From the "Is Weight Loss Stressing You Out" quiz:
True or False: "If I can manage to lose the weight, I think many other problems in my life will be solved."
Okay, I have to admit I am extremely guilty of thinking this. I do it for two interconnected reasons:
1) I have a long history of making excuses to prevent me from doing actual work. For instance, "I can't really write a novel until I get a laptop computer." Then once I get the computer, "I can't really write until I get my own in-home office." Then once I get the office, "I can't really write until I (fill in the blank.)"
For YEARS, I did this to myself -- with anything: Well I can't do the thing until (insert specific conditions that have to be met.) With writing, I finally ran out of excuses in 2009. I had the computer, the office, the desk, the special hoodie, the comfy chair, the time, the desire -- but I needed a deadline. I found it with National Novel Writing Month, where you commit to writing a 50,000 word novel in 30 days. I did it -- I wrote a book (a bad book, but hey, it was practice) and realized that I didn't need the laptop, the desk, etc. All I needed was self-discipline and a deadline.
Now I look at my challenges in life and I ask myself, "Are you just making excuses for why you're not doing this? Do you really need XYZ before you can do it? Do you have to do A and B before you can do C, or are you just looking for an excuse to not do C?"
2) Losing weight, to me, means more than just dropping some pounds. It's a testament to the fact that I have committed to something and given myself NO excuses for failure. I have friends who say, "Oh I have tried diet and exercise and I just can't lose the weight, so I must be meant to stay this way" and it makes me bonkers. In my world-view, I can't accept that "trying" doesn't lead to "success" eventually. Like Yoda, I tend to think "there is no Try, there is only Do."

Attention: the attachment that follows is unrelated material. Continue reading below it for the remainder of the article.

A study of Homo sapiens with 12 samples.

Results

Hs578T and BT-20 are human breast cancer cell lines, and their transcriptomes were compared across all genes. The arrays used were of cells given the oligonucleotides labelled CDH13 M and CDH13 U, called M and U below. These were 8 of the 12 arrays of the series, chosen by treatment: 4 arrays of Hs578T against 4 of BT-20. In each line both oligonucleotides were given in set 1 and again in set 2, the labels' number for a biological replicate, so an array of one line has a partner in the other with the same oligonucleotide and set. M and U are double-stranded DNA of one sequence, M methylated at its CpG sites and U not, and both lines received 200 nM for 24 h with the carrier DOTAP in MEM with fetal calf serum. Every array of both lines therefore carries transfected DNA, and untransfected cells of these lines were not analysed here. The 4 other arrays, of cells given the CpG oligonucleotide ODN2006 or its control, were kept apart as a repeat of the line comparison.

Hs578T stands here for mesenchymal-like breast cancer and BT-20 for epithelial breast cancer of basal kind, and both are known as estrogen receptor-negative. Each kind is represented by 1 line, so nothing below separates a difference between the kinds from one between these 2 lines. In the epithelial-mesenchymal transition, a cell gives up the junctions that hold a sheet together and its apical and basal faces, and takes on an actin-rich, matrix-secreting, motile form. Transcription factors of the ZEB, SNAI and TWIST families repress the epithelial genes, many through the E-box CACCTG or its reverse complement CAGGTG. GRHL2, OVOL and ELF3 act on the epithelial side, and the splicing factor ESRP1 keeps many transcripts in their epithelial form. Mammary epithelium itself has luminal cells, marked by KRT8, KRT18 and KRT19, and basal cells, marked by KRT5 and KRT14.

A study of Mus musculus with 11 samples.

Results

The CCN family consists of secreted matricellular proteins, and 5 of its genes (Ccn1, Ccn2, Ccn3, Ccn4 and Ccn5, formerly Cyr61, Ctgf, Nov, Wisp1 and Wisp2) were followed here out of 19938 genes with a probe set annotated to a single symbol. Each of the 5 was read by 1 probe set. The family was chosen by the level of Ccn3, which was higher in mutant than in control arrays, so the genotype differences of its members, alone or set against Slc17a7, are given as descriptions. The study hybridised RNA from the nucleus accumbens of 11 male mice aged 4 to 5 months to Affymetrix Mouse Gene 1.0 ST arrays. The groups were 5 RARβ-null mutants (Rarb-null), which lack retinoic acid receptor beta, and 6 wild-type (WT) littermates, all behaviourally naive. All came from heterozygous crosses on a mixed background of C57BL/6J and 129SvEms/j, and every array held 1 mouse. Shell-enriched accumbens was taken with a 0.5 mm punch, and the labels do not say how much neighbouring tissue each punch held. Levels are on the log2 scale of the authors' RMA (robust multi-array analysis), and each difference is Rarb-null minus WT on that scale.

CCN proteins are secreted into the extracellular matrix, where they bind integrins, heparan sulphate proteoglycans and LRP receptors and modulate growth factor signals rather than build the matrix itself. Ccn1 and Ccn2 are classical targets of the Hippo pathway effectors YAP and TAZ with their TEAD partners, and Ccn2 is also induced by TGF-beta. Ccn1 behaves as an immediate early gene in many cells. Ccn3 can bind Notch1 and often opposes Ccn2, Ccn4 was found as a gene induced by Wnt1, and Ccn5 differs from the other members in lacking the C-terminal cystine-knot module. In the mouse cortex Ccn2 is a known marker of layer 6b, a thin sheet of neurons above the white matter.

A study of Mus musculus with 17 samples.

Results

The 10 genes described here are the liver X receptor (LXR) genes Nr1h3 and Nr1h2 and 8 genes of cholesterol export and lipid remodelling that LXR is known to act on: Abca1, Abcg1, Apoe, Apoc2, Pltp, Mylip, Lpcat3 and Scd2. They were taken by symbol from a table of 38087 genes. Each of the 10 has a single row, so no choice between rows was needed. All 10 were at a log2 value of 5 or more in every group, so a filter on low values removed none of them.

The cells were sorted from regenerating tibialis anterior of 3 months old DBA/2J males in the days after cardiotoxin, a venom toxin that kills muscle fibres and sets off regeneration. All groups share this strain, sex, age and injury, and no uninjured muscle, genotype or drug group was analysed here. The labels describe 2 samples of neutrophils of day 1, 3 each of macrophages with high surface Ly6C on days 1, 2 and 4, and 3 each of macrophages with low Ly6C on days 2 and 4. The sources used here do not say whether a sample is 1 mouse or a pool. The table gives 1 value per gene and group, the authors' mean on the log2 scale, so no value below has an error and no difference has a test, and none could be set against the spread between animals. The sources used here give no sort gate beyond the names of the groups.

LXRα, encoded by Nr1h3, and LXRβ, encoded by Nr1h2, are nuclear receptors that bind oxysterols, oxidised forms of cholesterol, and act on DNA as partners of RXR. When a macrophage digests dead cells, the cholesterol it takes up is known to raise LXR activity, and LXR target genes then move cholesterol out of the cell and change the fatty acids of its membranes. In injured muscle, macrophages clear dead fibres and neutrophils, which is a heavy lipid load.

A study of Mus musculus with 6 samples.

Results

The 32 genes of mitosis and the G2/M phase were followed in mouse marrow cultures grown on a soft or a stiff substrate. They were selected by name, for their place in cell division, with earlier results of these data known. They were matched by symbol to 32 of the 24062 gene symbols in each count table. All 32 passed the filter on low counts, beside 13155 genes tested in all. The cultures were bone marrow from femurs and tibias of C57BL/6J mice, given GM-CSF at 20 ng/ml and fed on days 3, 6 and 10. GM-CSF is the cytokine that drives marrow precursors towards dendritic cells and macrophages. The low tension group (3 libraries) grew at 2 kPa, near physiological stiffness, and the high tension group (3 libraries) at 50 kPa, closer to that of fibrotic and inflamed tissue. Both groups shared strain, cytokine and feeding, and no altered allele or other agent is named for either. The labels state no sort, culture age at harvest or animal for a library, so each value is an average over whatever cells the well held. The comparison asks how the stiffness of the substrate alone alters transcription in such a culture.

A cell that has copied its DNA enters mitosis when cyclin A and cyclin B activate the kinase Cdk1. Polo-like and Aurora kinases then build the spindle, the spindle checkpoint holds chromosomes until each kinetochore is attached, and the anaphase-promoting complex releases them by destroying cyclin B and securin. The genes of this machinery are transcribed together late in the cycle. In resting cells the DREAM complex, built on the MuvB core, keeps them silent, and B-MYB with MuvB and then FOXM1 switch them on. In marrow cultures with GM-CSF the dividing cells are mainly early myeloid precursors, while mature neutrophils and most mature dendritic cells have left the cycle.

If I allow myself to believe that I can "Try" and not be successful, then that just becomes another excuse NOT to do something, like needing a laptop or a home office.
This is from the same quiz/article:
"At least two negative things can happen when you start looking at weight loss as the “magic” solution to everything. First, this puts an awful lot of pressure on the daily ups and downs of your weight loss journey. Every slip-up or bad day, every weight plateau, becomes magnified in importance because, in your head, it is linked to so many other important things. You can imagine how much extra stress you generate if going over your calorie budget or skipping an exercise session has come to mean that the career or the relationship you want is that much further away."
Damn skippy! The above is my brain talking, in a nutshell. If I allow it to go that crazy, I will literally obsess on every calorie taken in, and determine to match that in calories burned. It was just a few weeks ago that I was SLIGHTLY under my calorie differential, so I went out at 9:30 pm to take the dog for a walk/drag so I could burn off those last 100.
But wait -- I mean, it makes sense, doesn't it? WHEN I am successful at weight loss, I'll have the confidence to be successful in something else? I mean, I use those former success as stepping stones to NEW successes. If I can write a novel in 30 days, I can run a 5K. If I can run a 5K, then I can run/walk a Half Marathon. If I can run a Half, I can pass an exercise science course test. If I can pass that test, I can drop 15 pounds. If I can drop 15 pounds, I can learn Spanish ... see how neatly it all fits together?
But yeah, then days like today sneak up and say "You were depressed and you didn't do squat this weekend, so you broke your resistance training and yoga streak." FAILURE!!!!!! Now you have to start your streak all over again. You should probably do 3 hours of cardio today to redeem yourself.
Sometimes I can really be the meanest person I know -- to myself. Maybe once I lose the weight, I'll be nicer to myself. (See how easy it is to fall into that trap!)